Thursday, October 17, 2013

"The Pitcher," by William Hazelgrove

The Pitcher, by William Hazelgrove

"I've read many baseball novels throughout the years from Harold M. Sherman's books written in the 1930s, the TAB Books of the 1950s, like "The Kid Who Batted 1.000" and the many books of John R. Tunis, up through my adult years with books such as "The Natural," and the Crabbe Evers series and the excellent mysteries of Troy Soos. Many of these, and others, are quite decent, if not, excellent baseball novels. But none of these ever came close to leaving me with the intense sense of wonder that I felt after, and while, reading Mr. Hazelgrove's, "The Pitcher." The son's ambitions and hopes combined with his mother's support are what the book is all about. But, throw in a down-at-the-heels, former star player, and the book becomes one that should be read slowly, and savored, in order to enjoy every nuance of the plot. This book is magical." -- Amazon reviewer



William Elliott Hazelgrove is the best-selling author of five novels: Ripples, Tobacco Sticks, Mica Highways, Rocket Man and the Pitcher. His books have received starred reviews in Publisher Weekly, Book of the Month Selections, Junior Library Guild Selections, ALA Editors Choice Awards and optioned for the movies. He was the Ernest Hemingway Writer in Residence where he wrote in the attic of Ernest Hemingway's birthplace. He has written articles and reviews for USA Today and other publications. His latest novel Rocket Man was chosen Book of the Year by Books and He has been the subject of interviews in NPR's All Things Considered along with features in The New York Times, LA Times, Chicago Tribune, Chicago Sun Times, Richmond Times Dispatch, USA Today, People, Channel 11, NBC, WBEZ, WGN.

His most recent novel, The Pitcher is a Junior Library Guild Selection and was chosen Book of the Year by Books and Authors. net. His next book OneUp will be out Spring 2014 with Merit Press. A follow up novel Real Santa will be out fall of 2014. He runs a political cultural blog, The View From Hemingway's Attic.

Author's Own Words

Born in Richmond, Virginia, and carted back and forth between Virginia and Baltimore, I blame my rootless, restless personality on my father. He was and is a traveling salesman with a keen gift of gab, great wit, a ready joke, and could sell white tennis shoes to coal miners.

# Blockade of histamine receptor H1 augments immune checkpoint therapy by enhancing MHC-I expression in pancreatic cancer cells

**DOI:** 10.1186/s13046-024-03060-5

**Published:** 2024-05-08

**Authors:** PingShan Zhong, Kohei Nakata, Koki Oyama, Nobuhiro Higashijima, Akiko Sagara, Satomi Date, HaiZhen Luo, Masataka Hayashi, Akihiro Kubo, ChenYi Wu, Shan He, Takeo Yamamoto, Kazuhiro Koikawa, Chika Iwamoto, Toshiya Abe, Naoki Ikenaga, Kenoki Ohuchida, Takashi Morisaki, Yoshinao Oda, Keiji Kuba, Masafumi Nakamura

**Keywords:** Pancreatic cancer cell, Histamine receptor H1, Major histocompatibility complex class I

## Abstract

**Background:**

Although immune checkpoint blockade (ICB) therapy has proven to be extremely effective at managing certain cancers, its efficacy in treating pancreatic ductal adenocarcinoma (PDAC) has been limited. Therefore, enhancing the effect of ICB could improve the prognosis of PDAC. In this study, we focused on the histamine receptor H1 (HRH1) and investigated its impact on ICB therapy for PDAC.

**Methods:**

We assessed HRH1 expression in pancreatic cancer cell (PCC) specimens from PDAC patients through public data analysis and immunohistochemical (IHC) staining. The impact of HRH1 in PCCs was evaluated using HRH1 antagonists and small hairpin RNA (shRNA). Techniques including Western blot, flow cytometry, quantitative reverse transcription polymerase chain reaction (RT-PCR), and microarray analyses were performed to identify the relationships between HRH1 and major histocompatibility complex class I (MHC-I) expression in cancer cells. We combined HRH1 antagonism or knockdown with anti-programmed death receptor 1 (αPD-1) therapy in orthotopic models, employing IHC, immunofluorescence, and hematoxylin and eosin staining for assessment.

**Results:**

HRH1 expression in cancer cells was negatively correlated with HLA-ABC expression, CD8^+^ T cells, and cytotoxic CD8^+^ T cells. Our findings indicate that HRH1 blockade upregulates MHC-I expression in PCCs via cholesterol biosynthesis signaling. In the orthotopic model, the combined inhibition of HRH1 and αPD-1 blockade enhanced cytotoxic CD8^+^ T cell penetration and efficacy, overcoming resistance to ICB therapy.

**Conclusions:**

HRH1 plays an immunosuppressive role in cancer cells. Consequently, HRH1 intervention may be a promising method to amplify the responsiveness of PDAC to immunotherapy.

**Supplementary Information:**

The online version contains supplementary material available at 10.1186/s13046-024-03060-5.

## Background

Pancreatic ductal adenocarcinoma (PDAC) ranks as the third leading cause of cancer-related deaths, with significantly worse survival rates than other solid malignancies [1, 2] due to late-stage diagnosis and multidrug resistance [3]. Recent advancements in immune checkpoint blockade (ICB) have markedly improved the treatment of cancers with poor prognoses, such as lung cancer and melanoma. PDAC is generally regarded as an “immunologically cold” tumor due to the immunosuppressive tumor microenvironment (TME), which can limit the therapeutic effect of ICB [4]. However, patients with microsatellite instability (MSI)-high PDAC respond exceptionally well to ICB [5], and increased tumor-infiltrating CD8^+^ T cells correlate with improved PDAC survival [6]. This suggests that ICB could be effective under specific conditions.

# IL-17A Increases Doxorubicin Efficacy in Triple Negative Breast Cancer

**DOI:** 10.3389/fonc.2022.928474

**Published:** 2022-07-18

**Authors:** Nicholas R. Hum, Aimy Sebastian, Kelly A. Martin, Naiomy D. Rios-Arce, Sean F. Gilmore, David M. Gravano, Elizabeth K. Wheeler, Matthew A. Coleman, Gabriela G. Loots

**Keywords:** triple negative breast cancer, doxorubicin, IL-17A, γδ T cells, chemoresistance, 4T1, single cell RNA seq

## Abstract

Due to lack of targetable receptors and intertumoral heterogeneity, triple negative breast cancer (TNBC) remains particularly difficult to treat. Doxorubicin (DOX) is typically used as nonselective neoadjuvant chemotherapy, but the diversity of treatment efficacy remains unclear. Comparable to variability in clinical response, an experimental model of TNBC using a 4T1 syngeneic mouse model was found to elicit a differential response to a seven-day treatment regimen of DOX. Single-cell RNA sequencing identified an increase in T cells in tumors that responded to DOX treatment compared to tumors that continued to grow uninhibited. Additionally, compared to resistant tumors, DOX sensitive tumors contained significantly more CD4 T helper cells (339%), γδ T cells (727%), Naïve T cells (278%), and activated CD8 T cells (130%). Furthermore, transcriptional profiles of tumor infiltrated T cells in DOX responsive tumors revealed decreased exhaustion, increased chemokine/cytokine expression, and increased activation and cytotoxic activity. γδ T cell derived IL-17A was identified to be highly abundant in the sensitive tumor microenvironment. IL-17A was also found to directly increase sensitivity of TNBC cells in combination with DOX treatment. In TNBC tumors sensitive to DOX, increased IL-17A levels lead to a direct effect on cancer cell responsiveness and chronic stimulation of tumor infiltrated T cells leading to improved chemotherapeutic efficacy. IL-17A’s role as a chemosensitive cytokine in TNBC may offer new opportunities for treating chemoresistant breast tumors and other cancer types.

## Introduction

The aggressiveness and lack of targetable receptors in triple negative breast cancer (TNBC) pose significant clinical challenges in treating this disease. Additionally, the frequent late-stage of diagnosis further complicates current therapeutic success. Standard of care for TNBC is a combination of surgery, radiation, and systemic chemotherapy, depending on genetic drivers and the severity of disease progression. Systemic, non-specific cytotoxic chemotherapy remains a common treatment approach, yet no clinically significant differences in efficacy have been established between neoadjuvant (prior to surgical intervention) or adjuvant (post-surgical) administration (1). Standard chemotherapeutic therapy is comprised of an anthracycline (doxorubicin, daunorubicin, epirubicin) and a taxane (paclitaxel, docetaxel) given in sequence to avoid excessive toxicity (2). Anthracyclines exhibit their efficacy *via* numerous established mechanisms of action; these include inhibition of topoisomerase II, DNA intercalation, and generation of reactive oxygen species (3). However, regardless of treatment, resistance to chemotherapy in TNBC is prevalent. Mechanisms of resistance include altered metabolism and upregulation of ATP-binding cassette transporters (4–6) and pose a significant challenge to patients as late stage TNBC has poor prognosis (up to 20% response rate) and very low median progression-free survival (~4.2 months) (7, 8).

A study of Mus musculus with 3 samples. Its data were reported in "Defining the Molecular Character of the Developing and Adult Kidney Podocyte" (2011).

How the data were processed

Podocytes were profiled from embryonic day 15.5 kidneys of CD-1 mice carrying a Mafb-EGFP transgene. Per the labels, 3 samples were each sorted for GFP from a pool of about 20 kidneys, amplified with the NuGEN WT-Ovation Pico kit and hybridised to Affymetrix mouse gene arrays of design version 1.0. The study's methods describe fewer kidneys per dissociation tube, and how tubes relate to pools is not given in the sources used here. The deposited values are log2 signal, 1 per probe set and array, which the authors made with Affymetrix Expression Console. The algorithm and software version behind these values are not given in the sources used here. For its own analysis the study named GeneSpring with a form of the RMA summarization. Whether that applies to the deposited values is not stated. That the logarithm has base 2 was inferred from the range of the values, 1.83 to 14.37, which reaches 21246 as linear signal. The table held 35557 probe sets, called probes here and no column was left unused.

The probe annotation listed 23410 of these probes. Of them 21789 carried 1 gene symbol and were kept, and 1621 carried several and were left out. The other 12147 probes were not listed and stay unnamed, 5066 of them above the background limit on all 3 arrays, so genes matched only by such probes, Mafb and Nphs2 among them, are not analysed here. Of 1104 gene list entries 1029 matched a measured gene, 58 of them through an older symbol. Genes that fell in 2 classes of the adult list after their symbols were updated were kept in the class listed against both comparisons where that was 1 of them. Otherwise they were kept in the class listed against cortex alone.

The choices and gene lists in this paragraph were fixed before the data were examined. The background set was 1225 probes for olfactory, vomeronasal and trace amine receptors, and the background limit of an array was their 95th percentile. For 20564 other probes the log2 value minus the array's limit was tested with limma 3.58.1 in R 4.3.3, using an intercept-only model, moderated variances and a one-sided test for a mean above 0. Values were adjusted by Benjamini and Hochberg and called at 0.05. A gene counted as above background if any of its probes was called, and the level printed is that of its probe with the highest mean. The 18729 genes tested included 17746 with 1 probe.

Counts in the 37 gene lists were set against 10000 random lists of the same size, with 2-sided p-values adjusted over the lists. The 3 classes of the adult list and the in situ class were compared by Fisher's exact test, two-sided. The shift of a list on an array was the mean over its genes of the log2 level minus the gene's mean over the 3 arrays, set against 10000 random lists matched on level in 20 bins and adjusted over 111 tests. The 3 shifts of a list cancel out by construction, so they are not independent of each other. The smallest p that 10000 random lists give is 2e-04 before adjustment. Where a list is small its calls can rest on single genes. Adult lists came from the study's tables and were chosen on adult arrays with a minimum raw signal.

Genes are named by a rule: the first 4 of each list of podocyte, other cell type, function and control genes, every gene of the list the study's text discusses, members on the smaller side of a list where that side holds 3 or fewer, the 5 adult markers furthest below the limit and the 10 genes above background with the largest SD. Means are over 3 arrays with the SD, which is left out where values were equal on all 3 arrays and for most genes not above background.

It was during these sojourns up and down the east coast I soaked up the stories that would later be Tobacco Sticks and Mica Highways. I think authors should exploit their family history before raping the rest of the culture for material.

Dad finally got tired of the east and moved to the Midwest when I was fourteen. We settled outside of Chicago. It is here I came of age and went off to college for seven years -- two degrees and one novel later I returned to Chicago and lived in many different apartments, trying to get a little two hundred page manuscript called Ripples published.

When a local printer said he would take a chance on my book, I jumped and had my first novel published by a man who had never published anything. Great reviews and moderate sales put me back to my jobs as a janitor, baker, waiter, construction worker, teacher, real estate tycoon, mortgage broker, professor, security guard, salesman -- anything to make a buck and keep writing. The printer lost his mind and published my second novel, too. That landed me with Bantam after some rave reviews and a paperback auction for my second novel, Tobacco Sticks.

A third novel, Mica Highways, was sold on less than one hundred and fifty pages to Bantam and then I did a strange thing -- I settled down to writing in Ernest Hemingway's birthplace in Oak Park, Illinois. I have since been looking for the Great American Novel up in the old red oak rafters and I think I might have finally found one.... My new novel, Rocket Man, is an exploration of what the American Dream means today. A man moves to the suburbs and his life falls apart in one week. It is a satire but with events now, it seems very timely.

A fifth novel, The Pitcher, came out in September 2013. The story of a boy with an incredible arm but no way to make the high school team. When an old World Series pitcher agrees to coach him, he finds that a dream is sometimes all you have.